US Stock Market Second Quarter Review

When I first started playing and working on the Street of Dreams in 1991, the Dow Jones Industrial Average was trading around 3000. On January 26th of this year the Blue Chip Index peaked at 26,616.71 before dropping 3256.42 points to hit an intraday low of 23,360.29 on February 9th. Speaking strictly in terms of points, the Dow had dropped in about 10 days by more than its total value in points used to calculate its value when I started my journey down Wall Street. The reason I bring this up is because as the markets march forward, the large price movements tend to scare people, especially those new to investing. But it’s important to keep in mind that what seemed a like a huge drop was really only a 12.23% decline - albeit a rapid one. It’s important to understand that what stock market participants and observers are seeing is normal. Corrections are just part of the game and as of this writing, the correction that has been unfolding appears to be just that—a correction.

The Dow Jones Industrial Average Correction of 2018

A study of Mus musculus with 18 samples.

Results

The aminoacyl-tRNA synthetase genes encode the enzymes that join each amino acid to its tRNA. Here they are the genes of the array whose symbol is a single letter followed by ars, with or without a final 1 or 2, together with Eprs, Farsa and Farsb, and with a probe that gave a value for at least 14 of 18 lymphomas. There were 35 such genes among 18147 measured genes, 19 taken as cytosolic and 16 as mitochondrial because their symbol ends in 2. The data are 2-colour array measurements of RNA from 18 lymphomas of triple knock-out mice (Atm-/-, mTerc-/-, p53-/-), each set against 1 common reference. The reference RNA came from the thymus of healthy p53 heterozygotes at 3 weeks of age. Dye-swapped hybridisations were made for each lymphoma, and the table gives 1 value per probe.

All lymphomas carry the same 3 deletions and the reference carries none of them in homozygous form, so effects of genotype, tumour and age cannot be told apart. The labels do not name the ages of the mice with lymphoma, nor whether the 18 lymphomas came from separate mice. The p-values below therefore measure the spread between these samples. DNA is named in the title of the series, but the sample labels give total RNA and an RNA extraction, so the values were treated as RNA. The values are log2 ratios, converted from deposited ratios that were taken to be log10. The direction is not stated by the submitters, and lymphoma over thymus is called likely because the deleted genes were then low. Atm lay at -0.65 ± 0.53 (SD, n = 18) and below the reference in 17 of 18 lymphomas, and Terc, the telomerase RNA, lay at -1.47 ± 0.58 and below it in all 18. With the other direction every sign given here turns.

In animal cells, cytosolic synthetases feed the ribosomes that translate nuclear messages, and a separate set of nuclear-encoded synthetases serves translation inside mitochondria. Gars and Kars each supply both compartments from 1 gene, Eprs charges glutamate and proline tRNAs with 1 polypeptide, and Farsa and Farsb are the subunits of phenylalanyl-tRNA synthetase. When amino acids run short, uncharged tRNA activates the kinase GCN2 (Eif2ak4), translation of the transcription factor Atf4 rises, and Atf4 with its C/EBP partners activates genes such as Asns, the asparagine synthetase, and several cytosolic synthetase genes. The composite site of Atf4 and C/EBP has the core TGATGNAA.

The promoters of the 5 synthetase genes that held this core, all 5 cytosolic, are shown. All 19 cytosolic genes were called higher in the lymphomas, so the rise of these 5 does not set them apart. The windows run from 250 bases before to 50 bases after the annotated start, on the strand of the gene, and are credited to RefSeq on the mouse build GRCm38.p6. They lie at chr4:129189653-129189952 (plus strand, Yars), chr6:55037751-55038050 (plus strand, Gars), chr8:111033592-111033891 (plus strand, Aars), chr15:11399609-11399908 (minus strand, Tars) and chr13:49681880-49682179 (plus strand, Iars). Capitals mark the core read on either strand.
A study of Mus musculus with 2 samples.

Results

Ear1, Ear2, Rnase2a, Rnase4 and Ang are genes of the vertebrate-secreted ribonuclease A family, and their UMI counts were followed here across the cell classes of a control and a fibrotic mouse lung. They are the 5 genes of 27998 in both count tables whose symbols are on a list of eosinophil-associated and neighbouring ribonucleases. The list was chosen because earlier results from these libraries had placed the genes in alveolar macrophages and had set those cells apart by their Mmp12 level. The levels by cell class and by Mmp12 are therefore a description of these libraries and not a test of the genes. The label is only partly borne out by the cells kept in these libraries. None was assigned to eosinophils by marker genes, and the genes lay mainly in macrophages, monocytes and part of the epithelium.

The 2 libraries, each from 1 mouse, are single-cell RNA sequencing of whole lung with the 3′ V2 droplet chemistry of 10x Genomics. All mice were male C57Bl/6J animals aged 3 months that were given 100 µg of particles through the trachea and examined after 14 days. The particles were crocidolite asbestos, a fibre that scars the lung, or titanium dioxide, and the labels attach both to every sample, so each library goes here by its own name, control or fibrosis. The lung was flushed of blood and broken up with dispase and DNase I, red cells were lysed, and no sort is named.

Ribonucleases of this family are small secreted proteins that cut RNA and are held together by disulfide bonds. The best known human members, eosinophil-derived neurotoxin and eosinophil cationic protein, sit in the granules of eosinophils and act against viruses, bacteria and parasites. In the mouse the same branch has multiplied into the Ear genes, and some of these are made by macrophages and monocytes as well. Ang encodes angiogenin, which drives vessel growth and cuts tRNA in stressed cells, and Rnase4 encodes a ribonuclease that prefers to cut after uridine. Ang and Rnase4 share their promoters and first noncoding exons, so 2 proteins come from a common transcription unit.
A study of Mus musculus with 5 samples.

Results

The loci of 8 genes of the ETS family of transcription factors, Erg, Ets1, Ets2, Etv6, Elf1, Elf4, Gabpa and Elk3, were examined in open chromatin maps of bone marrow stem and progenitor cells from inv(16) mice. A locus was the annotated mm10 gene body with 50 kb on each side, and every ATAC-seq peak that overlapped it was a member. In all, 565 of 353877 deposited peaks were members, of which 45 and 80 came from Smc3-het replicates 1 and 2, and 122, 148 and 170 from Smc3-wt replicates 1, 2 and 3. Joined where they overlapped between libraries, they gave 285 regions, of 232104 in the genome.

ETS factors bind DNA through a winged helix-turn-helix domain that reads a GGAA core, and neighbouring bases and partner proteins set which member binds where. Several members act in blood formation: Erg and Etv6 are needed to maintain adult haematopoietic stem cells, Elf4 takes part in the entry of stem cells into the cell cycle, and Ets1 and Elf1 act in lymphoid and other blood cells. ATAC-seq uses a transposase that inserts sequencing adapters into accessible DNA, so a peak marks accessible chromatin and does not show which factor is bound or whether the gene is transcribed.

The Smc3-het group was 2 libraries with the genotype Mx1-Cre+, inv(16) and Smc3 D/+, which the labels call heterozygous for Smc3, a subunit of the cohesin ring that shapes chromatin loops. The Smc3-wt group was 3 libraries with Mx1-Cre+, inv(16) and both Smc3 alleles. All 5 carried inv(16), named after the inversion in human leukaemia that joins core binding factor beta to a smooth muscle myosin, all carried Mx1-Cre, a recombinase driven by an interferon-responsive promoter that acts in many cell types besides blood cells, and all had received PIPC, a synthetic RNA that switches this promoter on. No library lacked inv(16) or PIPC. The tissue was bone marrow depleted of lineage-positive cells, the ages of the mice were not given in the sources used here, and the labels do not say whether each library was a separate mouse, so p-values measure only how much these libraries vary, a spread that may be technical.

So what caused stocks to be worth 12% less on February 9th than ten days before? And will this correction morph into a bear market? First of all, excitement about tax cuts and deregulation probably caused stock prices to get a bit ahead of where they should have been trading. When this happens, corrections are necessary to bring prices back in line with some sort of reasonable valuation. Secondly, several concerns headline events gave investors an excuse to book some profits and look for opportunities elsewhere. The industrial, financial and even the technology sectors fell victim to profit taking while many of the previous years’ laggards like retail and utility stocks got a bounce. The two primary culprits that spooked investors were, first of all concerns about rising interest rates by the Fed on the short end of the curve and falling interest rates on the long end. When short term rates rise above long term rates then the yield curve is said to be inverted. An inverted yield curve has historically been a good early predictor of an impending recession. We have written about this phenomenon ad nauseum in the past and our conclusion has so far been the same—the yield curve has not inverted so as of now this fear is unfounded.

Yield Curve

Secondly, and more concerning to us, is the possibility of recent tariffs escalating into a full blown trade war. While trade wars aren’t typically positive for stocks, the general consensus seems to be that most of the media hype is simply rhetoric and that real negotiations are taking place. So for now, the correction appears to us to be just that—a correction as opposed to the start of a more serious bear market. the facts on the ground change, so will our advice so stay tuned!